Wednesday, October 31, 2007

"Legitimate" Spamming & Alumi Donations

This morning while checking my blogs, I laughed at this post on spam a college friend of mine made. It references what is likely a huge blogosphere controversy since I checked it 7 hours ago: Chris Anderson's public blocking of spam emails. The comments are hilarious, ranging from PR rants about how their voice should be heard, discussions on the ethics (and maturity) of deliberately posting emails so that spammers can pick them up and so forth. Some even led to offenders posting their own "defenses" on their websites; but I'm with Anderson on this one -- there is no defense for sending out unwanted, solicitous emails. So I laughed, went to classes and came home to a perfect test example. So I'm pulling a Chris Anderson (to quote Big Head) and complaining about my alma mater. This is also a general rant about the way universities ask their alumi for money, which I have a long treatise waiting to publish.

It's nearing Homecoming and, of course, the warm and fuzzy memories drive you to pull out your check book and donate to that worthy cause your alma mater. And for those who don't, your alma mater believes that you should be hounded a million times a year (by phone, letter/postcard and now emails) for requests for money. When those are ineffective, they ask again. And when that only raises "just over HALF OF WHAT WE EXPECTED" (today's email) they begin to demand.

Case in Point: Alumni Class Chair has set up a gmail account that I have twice requested to be removed from to no avail. (Which I've now given its very own filter that sends it directly to the trash!) But, apparently since I went to a university I am forever bound to pay attention (and give) money on a regular basis. After all, it was the best time of my life, why wouldn't I want to?

But what annoys me as much as these regular emails, phone calls, letters is the tone. I have seriously seen one (wish I'd kept it, I'd post it for you) that demanded I give to the university because it was my obligation. Yes, that's circular reasoning. Today's email is at once threatening and conciliatory: the subject line -- "[Name of Class Chair] says PAY UP... or else (last volley)." This violates about every known standard of email etiquette, but am I the only one who just finds this tone of expected giving to be completely out-of-line?. Have they noticed the recession? Have they noticed that ever since the Spring of my senior year (they didn't even let me graduate!) I have received this rhetoric of obligation -- this might suggest why I don't actually give? Have they wondered why their methods garner less than ideal results? (Here's the screen shot of the email, btw, so click on the picture & you can read its absurdities for yourself. And, yes, see the name of the class chair.)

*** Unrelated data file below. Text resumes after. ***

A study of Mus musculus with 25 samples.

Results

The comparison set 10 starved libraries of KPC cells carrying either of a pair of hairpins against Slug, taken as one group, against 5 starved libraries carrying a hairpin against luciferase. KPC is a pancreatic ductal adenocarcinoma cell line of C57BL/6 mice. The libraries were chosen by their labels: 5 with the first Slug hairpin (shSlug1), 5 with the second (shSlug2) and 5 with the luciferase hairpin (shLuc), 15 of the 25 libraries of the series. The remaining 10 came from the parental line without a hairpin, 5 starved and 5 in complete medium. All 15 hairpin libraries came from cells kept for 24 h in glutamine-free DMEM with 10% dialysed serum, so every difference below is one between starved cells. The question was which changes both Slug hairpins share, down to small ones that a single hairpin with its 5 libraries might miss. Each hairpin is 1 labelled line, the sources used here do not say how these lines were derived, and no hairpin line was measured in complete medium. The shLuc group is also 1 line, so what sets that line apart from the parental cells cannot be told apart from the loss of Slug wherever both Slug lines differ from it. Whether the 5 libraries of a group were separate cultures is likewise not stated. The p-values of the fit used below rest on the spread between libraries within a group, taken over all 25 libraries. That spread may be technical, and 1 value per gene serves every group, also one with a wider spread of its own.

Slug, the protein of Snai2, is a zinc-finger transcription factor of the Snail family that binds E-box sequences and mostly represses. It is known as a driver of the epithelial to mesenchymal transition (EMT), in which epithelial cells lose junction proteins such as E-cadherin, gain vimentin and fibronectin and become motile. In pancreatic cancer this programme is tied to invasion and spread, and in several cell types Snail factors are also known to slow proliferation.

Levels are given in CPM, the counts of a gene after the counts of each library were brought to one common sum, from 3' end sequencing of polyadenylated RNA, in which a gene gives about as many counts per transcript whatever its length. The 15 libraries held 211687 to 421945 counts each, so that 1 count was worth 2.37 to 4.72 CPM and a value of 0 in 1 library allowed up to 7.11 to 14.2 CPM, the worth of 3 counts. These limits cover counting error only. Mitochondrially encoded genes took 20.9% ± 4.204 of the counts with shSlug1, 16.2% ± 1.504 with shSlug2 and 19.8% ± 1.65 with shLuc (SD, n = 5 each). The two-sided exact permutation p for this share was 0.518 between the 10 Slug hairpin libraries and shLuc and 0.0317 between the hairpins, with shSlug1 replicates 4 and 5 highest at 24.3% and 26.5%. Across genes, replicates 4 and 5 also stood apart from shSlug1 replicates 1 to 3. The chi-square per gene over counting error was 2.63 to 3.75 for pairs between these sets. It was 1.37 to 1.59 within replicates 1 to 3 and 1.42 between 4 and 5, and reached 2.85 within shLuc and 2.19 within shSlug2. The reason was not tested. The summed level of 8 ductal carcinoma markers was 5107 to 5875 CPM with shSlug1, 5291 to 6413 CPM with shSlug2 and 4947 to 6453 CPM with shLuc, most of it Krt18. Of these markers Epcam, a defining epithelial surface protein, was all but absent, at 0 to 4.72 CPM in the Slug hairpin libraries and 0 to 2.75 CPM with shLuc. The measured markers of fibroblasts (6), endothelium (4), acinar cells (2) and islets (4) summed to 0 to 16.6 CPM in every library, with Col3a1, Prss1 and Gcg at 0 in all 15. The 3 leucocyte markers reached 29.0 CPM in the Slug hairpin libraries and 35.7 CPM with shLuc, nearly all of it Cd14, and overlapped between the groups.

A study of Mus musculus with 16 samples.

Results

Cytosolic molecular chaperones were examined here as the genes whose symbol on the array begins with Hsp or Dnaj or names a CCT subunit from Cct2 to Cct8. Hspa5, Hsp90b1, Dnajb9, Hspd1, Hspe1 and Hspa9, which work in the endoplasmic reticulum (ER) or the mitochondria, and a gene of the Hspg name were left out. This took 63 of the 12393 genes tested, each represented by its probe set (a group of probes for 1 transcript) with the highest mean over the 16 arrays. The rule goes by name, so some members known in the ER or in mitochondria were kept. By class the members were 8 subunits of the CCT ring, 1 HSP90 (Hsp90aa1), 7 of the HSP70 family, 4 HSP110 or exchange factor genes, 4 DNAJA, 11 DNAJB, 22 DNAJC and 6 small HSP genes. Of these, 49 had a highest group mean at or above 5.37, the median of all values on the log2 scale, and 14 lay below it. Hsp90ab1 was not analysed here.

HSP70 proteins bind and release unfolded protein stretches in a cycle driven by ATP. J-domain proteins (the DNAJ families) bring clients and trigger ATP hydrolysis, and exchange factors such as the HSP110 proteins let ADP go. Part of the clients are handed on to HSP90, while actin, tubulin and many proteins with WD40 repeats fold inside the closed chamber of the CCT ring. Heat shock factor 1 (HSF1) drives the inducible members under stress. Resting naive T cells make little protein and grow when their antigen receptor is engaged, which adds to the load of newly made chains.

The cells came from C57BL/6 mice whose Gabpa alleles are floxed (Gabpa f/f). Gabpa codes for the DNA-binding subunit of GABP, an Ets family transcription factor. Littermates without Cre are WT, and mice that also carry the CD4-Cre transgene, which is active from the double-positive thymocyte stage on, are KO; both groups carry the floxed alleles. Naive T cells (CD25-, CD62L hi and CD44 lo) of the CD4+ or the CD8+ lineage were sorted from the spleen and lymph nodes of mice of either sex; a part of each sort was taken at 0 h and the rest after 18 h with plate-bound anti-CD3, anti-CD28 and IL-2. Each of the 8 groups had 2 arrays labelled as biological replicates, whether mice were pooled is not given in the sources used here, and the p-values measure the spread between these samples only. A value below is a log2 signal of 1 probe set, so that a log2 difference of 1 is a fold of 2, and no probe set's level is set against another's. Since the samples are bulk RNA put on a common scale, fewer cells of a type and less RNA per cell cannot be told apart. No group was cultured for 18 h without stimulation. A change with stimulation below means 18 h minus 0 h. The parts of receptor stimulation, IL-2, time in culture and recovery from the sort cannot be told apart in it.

More generally, I'm fed up with this whole notion of required college giving. College is expensive. I was given generous scholarships, which I greatly appreciate. They allowed a very poor kid to go somewhere different in life. But I should be able to "pay it forward" (reference to a movie that was awful and don't recommend) in a way I see fit. I hope to one day be in a position to endow scholarships; I use to think that would be at my alma mater. These days, I think I'm more interested in helping people who want to go to many schools rather than those who want to go to only one particular place. Yet, apparently my donations are constrained because I have a duty and obligation to donate to my alma mater. How absurd is this?

I think the general lack of giving among people my age is emblematic of the way we find fundraising to be obnoxious, limiting and even impossible at this juncture in our lives. I wonder, too, if it's because we realize that education is important, but so is giving money for rape victims in the Congo. When so much is at stake, how ridiculous is it to receive 2 emails in the past week on alumni giving?